Over the years laptops, iPods, and Kindles have popped up in colleges that act as testing grounds for new technology. This fall it's the iPad's turn. Oklahoma State, Duke's Global Health Institute, the University of Maryland, and other schools will provide iPads to groups of students enrolled in select courses or programs. Other schools, like the Illinois Institute of Technology, Seton Hill University, and George Fox University, will hand the devices out to all incoming freshmen-or even the entire student body.
It's a hefty investment: The low-end model starts at $499 and can reach $829 with extra features. Still, e-textbooks cost less than paper versions, and the savings could swiftly offset the cost of the iPads. The presence of the technology may also attract prospective students. Electronic experiments have drawn complaints in the past, but administrators believe students will be happier with the iPad, given its user-friendly interface and many applications.
Indoor runners on treadmills have been able to track distance, speed, and calories burned, but outdoor runners have had to guess at the same data. No more: Technology now helps pinpoint the exact route, distance, and speed of an outdoor run. Websites like MapMyRun.com let users calculate distance and save favorite routes on a Google Map. Nike+ technology operates with a pod placed into the sole of special Nike running shoes that communicates with the runner's iPod, iPhone, or wristband device.
One app, RunKeeper (available for Android and iPhone) uses smartphone GPS technology to track exact routes and update them periodically with information about distance and average speed. The phone then uploads the information to a web-based training log, where the runner can choose to automatically update Facebook and Twitter with statistics. RunKeeper can be programmed with training schedules for races. Should a user wish to stop and take a picture along the way, RunKeeper will place that picture on the map at the exact location at which it was taken.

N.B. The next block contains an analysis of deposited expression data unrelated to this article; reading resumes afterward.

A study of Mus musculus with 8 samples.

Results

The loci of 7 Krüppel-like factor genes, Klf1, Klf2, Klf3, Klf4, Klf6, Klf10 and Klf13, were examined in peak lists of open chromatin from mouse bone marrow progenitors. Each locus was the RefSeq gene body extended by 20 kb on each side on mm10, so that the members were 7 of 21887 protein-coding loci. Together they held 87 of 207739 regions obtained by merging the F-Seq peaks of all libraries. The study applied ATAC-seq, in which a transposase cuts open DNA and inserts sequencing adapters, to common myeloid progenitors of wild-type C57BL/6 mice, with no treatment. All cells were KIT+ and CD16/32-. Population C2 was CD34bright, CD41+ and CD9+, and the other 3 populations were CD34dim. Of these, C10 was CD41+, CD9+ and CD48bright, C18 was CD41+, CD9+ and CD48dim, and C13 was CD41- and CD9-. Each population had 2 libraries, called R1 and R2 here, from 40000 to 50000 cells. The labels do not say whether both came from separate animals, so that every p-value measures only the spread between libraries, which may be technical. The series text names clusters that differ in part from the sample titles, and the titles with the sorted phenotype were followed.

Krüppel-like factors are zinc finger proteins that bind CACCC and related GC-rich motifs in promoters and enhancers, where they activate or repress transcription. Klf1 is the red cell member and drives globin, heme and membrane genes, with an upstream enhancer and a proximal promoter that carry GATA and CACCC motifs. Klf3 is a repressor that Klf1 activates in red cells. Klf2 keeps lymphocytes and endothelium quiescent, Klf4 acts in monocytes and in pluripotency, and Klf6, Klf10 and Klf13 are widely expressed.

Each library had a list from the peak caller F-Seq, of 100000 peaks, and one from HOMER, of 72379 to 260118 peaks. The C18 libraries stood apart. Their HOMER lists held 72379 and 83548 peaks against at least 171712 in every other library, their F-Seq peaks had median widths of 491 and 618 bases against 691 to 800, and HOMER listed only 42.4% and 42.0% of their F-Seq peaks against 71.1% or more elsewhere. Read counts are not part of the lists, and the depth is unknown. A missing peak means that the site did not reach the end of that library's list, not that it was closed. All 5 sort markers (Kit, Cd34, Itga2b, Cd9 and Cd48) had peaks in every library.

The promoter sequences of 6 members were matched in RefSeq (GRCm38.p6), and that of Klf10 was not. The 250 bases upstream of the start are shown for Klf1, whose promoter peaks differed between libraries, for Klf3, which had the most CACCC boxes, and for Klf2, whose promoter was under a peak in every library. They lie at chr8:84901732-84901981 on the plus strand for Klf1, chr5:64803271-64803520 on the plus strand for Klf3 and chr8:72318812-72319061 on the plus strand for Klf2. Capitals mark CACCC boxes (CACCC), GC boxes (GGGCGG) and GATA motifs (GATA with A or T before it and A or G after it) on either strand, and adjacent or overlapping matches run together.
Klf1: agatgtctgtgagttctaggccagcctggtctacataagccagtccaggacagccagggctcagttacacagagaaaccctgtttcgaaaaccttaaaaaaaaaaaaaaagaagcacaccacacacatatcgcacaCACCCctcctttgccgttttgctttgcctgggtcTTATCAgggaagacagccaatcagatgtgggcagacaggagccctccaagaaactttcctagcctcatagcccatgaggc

Hands-free devices help us make phone calls in the car. GPS devices let us abandon fiddling with maps on the road. Ford thinks we want to read our friends' Twitter updates, too. Next year, the company will put its AppLink technology in the Fiesta in the United States and the Focus in the United Kingdom. That will allow drivers to communicate with smartphones and hear Twitter updates read aloud to them. Though the system doesn't make it possible to respond or post a Twitter update, some argue that this may tempt drivers to pick up the phone and respond to a friend's Twitter update. Some say the distraction is unnecessary and even dangerous: The National Highway Transportation and Safety Administration has repeatedly warned that the conversation, not the cell phone operation, makes driving while talking on the phone dangerous.